Calling CQ: Amateur Radio All Over the World | Teen Ink

Calling CQ: Amateur Radio All Over the World

March 16, 2009
By summerxsun BRONZE, Howell, New Jersey
summerxsun BRONZE, Howell, New Jersey
2 articles 0 photos 0 comments

'Hello CQ, hello CQ'' Tune in to certain bands on the radio and this is what you might just hear. The music of people dancing across the airwaves is certainly pleasant to listen to. But what is this, and why do people communicate this way? How does one go about becoming an Amateur Radio Operator?

Amateur Radio, or Ham Radio, is important on many levels. It's a lot of fun to work other stations, yet in dire emergencies can lend quite a helping hand. People from all over the world can come together and 'ragchew,' or talk, or they can work to solve major problems going on around them. Communication is the essence of Amateur Radio. But what else is Amateur Radio? Amateur Radio is a set of the most powerful and broad communications around the world available to private citizens. Radio frequencies are used to spread messages and make friends. All you need is a radio and a license. Then you can jump right in!

A license is necessary to speak on the air with Amateur Radio bands. A test is taken by a potential licensee, and if that person passes, a license consisting of several letters and numbers are given to that person. This is called a call sign. It is the licensee's radio identity, sort of a name. If one is interested in a personalized call sign, vanity call signs are available. To get a license, however, a test must be passed.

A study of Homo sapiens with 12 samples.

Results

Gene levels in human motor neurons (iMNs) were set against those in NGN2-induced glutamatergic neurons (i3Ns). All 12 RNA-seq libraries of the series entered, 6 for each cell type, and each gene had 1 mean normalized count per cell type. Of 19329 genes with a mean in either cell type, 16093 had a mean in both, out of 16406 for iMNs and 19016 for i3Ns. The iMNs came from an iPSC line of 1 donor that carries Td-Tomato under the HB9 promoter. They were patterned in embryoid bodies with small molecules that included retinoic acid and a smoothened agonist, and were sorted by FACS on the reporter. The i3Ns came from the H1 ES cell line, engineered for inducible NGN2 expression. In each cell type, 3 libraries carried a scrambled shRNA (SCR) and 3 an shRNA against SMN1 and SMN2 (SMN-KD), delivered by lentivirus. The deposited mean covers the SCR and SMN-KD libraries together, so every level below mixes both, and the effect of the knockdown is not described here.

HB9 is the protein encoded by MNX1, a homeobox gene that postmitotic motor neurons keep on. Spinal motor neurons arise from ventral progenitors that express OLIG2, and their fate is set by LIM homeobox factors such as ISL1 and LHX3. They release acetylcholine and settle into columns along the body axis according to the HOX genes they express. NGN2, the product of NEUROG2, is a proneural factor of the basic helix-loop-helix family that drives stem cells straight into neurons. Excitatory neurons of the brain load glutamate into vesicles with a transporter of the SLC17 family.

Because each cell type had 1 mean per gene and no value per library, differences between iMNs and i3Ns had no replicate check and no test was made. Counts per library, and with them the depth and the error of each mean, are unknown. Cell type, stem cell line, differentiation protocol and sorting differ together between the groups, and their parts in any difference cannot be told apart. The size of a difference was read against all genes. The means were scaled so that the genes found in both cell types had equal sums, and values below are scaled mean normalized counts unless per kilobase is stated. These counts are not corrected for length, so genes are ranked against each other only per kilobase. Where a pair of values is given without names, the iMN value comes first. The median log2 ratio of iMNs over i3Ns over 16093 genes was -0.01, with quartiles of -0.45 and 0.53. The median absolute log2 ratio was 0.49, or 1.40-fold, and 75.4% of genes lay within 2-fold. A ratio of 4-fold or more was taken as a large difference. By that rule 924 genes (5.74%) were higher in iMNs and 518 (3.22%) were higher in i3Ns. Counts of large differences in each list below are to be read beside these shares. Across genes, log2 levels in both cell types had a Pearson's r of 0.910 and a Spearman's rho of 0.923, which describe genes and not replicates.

There are three classes of licenses. The first class is the Technician license. The most basic privileges, voice on a limited amount of bands, become available to the licensee. However, once the licensee learns Morse code, new bands open up to them. Some bands are 'phone' bands, or strictly voice, while others are Morse code bands, restricted just for the code. Morse code is good to learn, but not necessary to operate on the air.

The second license, the General class license, gives the licensee more options for where they want to operate. Many more bands are opened up, and more varied contacts can be made. A Technician can talk to Amateur Radio Operators in other countries, but it depends on whether 6 meters (50-54 MHz) is working at the given time. 6 meters opens at various times, but is dependant on sporadic moments of solar activity. It opens mostly between early May and late August. A General Class licensee doesn't have to wait for this time, as they have other bands open to their use. If Morse is known by that licensee, then more bands can be used.

The final class is the Extra class license. The Extra class is a nice thing to have for those who want to make DX (distance) contacts. DX is a hobby in which Amateur Radio Operators try to contact other Amateur Radio Operators great distances away. QSL cards (postcards with licensee's call signs on them) are collected from the contacts. There are prizes for operators who work a given amount of countries. Not only is Amateur Radio a hobby, it's also competitive!

Amateur Radio is anything from a hobby to emergency work. It can be used for many things, and is the most powerful communications available to the average citizen. There are many resources for anyone wishing to take a test for a radio license. 73's (Best Regards)!!

The author's comments:
Amateur Radio is a great hobby in which people reach out to each other over the radio.